Forest Watch Project by Transparency International’s Forest Governance Integrity (FGI) Programme


Natural forests are the source life. Forests are home to countless species of bio-diversity and eco-systems that sustain life. They also provide clean air (oxygen) and filter carbon dioxide creating a perfect environment for our existence. Forests are the source of water and water is another fundamental element that sustains humankind on earth. Forests also mitigate extreme climate aiding in erratic weather patterns that seem to be the most prevalent environmental impact of this century. Its importance is immense that issues related to forests are topping the global political arena in recent times.

However the world continues to suffer deforestation losing 64.4 million hectares of natural forests in the last five years. Although reforestation slows net forest shrinkage, annual deforestation affects an area the size of Panama, totaling to a loss of 7.3 million hectares of natural forests.

Deforestation is a major challenge in many of the countries because most of the trees are felled illegally. Global illegal logging amounts to US US15 billion per annum. In addition to depriving Governments of economic gains, illegal logging promote social injustice, depriving local communities of their livelihoods and harm global environment causing landslides, tidal waves, and extremely hostile weather patterns such as deadly heat waves, massive flooding, haze and draught. Therefore Governments across the globe are enhancing forest governance to practice sustainable forestry. Sustainable forestry includes monitoring forest cover to keep tract of number of trees felled or the size of lost. Such collation of data is viable through the usage of Geospatial Technologies that include geographic information system (GIS), global positioning system (GPS) and remote sensing (RS).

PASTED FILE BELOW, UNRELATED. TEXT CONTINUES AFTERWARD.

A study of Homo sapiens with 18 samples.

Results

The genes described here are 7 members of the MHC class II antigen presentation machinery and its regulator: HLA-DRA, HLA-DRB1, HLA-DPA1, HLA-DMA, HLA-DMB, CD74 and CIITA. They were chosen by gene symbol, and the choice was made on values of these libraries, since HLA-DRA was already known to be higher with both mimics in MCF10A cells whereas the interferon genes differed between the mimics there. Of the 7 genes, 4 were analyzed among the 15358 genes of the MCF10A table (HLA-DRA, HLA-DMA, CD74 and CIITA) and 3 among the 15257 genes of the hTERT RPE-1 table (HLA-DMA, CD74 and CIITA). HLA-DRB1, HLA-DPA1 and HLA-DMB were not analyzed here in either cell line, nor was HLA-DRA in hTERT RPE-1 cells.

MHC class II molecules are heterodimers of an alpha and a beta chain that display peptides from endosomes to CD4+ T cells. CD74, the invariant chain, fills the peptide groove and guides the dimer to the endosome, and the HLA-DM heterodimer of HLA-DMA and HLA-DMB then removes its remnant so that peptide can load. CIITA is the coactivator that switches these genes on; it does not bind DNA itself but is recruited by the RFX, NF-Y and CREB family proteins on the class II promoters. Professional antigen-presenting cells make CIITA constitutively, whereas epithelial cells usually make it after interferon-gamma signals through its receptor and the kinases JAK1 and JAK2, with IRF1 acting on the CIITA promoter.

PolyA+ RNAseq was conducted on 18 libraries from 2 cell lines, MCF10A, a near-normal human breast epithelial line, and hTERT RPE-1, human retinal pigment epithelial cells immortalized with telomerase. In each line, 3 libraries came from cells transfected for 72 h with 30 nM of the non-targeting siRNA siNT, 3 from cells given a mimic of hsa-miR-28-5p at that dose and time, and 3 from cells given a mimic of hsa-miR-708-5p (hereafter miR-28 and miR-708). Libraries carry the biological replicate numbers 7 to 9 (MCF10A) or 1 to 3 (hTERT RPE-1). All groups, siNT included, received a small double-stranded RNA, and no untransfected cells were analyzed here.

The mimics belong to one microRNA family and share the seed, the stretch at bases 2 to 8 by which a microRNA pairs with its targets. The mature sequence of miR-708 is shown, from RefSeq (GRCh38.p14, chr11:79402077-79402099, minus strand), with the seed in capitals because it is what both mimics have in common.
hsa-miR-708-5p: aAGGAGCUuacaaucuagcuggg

In Malaysia, Transparency International – Malaysia through the Forest Governance Integrity (FGI) Programme is enhancing forest governance through many ways and one of it is through public participation. The Forest Watch Project is a mechanism for the public to become eyes and ears of the forests. Using the Google Earth Geospatial Technology (satellite imagery, aerial photography and GIS 3D globe), the public have access to aerial view of the forests allowing regular monitoring of forest cover. The Project provides a reporting mechanism that allows public direct access to relevant authorities – a Monitoring and Advisory Team of Experts  responsible for forest governance in Malaysia. Would you like to submit a report?